2011 venison sausage

Original poster
Aug 25, 2009
Cross Plains, WI
Doe to my lack of harvesting a deer, I was not able to make any sausage last year.  So I was pretty eager to make some this year!  The deer was small, but the meat is great.  I also purchased a large quantity of high temp cheese (5lb) which will last a really long time, considering that I only used about 3oz in this batch. 

Here is what I managed to do:

On Day 1, I cut and mixed the sausage

The pork and venison mixture combined with LEM summer sausage seasoning and cure


After running it thru the grinder


I also did some snack sticks that used a teriyaki marinade(family recipe) combined with some red pepper.  I used tender quick for the cure.  I combined all ingedients before doing the grind. 


After the grind


The 2 different grinds went into the fridge overnight to cure.

The next dayI wanted to do some expierementing with some different types of sausage to see which one I liked the best.  Once I decide, I have more venison trimmings so I can make more!!!!! 

I left 2lbs of the summer sausage untouched to be used as controls.

I added Chef Paul' blackend steak magic and blue cheese to 1lb

I added dried cranberries to 1lb

I added dried cranberries and high temp cheddar cheese to 1lb

To the last 1lb I added jalepenos and high temp cheddar cheese.

The mixn's


Stuufed and out to the Wisconsin refrigerator(garage) to rest over night.  The temp in the garage was 43 degrees, so it was just right.


When I woke up on new years day, the outdoor temp had dropped to 11 degrees.  I wasn't expecting that!  The stack sticks had a litle bit of ice on them.  No worries, I let them hang for a little while to warm.

In to the smoker they went.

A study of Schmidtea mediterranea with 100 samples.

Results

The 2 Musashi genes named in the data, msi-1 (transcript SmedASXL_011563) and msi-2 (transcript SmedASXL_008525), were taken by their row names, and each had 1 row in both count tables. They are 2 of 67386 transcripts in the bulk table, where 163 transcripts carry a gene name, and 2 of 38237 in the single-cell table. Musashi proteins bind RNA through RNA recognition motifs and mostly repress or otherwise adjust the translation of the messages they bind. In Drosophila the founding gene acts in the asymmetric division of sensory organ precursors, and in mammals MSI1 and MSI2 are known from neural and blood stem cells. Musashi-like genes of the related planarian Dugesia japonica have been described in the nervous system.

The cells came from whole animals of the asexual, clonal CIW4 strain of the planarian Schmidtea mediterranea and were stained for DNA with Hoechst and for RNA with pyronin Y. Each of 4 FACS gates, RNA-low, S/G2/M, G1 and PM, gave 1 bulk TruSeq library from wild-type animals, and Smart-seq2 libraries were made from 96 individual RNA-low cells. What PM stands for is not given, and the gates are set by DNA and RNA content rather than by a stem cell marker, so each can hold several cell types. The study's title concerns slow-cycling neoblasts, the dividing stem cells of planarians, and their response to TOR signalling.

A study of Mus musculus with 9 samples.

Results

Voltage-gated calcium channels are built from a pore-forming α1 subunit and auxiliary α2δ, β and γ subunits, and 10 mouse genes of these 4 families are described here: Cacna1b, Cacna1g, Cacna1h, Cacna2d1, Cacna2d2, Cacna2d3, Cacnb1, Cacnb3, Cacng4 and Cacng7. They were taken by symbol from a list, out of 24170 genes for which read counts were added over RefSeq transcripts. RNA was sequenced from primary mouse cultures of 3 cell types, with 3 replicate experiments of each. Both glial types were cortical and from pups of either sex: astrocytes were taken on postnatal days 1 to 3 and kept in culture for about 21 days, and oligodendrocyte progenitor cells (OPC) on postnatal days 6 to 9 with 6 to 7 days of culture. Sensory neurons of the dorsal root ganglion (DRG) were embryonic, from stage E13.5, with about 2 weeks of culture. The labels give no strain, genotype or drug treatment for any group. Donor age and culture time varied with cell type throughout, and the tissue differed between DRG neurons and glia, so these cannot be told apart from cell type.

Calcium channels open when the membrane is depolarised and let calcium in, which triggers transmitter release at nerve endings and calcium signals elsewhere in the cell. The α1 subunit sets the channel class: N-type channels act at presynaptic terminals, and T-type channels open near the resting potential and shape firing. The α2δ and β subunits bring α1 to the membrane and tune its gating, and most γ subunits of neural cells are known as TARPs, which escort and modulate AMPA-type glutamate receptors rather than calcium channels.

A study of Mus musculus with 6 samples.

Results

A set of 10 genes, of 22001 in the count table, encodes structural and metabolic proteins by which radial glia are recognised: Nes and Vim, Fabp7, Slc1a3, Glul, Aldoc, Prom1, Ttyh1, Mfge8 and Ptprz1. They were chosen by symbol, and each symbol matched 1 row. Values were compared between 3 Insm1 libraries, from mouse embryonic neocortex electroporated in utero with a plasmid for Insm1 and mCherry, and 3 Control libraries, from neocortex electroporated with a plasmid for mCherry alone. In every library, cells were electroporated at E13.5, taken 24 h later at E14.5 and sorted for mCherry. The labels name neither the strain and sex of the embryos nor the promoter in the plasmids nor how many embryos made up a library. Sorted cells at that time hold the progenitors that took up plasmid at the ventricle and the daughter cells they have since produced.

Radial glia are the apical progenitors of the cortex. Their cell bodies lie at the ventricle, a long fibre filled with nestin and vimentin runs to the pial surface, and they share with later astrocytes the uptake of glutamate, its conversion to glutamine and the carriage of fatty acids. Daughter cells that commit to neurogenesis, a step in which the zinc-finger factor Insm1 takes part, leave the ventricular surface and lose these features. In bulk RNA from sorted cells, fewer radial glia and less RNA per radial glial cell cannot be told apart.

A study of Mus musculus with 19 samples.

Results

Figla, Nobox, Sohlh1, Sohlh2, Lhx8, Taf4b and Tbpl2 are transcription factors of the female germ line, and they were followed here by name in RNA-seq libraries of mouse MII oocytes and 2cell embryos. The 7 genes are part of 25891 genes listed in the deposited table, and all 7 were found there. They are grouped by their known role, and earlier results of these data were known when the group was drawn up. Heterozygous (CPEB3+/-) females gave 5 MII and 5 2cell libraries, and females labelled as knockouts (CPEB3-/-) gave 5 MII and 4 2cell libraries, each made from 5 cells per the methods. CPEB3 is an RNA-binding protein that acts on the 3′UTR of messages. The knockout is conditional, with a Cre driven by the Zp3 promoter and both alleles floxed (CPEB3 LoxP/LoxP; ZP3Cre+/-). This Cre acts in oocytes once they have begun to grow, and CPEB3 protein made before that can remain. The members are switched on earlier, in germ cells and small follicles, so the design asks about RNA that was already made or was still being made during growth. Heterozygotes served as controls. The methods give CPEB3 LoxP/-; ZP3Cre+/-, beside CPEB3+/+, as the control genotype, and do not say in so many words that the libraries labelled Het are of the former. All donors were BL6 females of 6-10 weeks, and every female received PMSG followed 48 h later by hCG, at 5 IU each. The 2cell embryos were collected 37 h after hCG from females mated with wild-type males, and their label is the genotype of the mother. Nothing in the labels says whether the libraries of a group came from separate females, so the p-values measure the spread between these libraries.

I had the smoke going with apple and cherry thru the whole cook.  I know that a lot of people don't do this, but I have had pretty good success at it that way.  The sausage never gets to smokey or dried out.  I pulled the snack sticks when they hit 158 degrees.  The summer sausage took longer to hit temp, but it got pulled at 160 degrees.  When each was pulled I placed them it a bath of ice water.  I cut up the snack sticks and placed them in the fridge.  I hung the summer sausage at room temperature for 3 hours.  I read on another site that this is referred to as "blooming".  Not really sure what the purpose of this is, but I figured I might as well.

The finished product.  From left to right:  The cranberry, plain, cranberry cheddar, jalepeno cheddar, and black and blue.


There was some carryover of ingredients from one batch to the next since I didn't clean out the stuffer in between.  So I ended up with random cranberries, jalapenos, and cheese in batches where they didn't belong.  Oh well, they still taste good.  Now the tough part, deciding which one I want to repeat.

The snack sticks did not have as much of a teriyaki flavor as I wanted, but they still taste good.  I think next time I will actually marinade the trim for about 4 hours before I run it thru the grinder.  I will also increase the volume of marinade that I use.  I'm not sure if it dripped out during the smoke or what.
One other thing, I did a 50/50 mix of venison/pork trim.  Although they have good flavor, I will reduce the amount of pork next time to try and get the venison to come thru a little bit more.
Looking good!  How did the cranberries come out tasting?
It turned out really good.  I'm not sure if I like it with or with out cheese better.  The only problem with the one with cheese it it starts to hide the flavor of meat. 

I was really surprised with the blue cheese.  It didn't melt and go thru the sausage like I expected it to.  It held its shape and turned out to probably be one of my favorites.  I have a soft spot for blue cheese though.  Unfortunately, my wife doesn't really care for blue cheese, so..........
Good lookin' sausage, I live in florida so I don't have a Wisconsin refrigirator! lol

Even though it does get chilly every now and then.
Good but if I do it again I will reduce the amount of cheese. To much stuff covering up the flavor of the meat.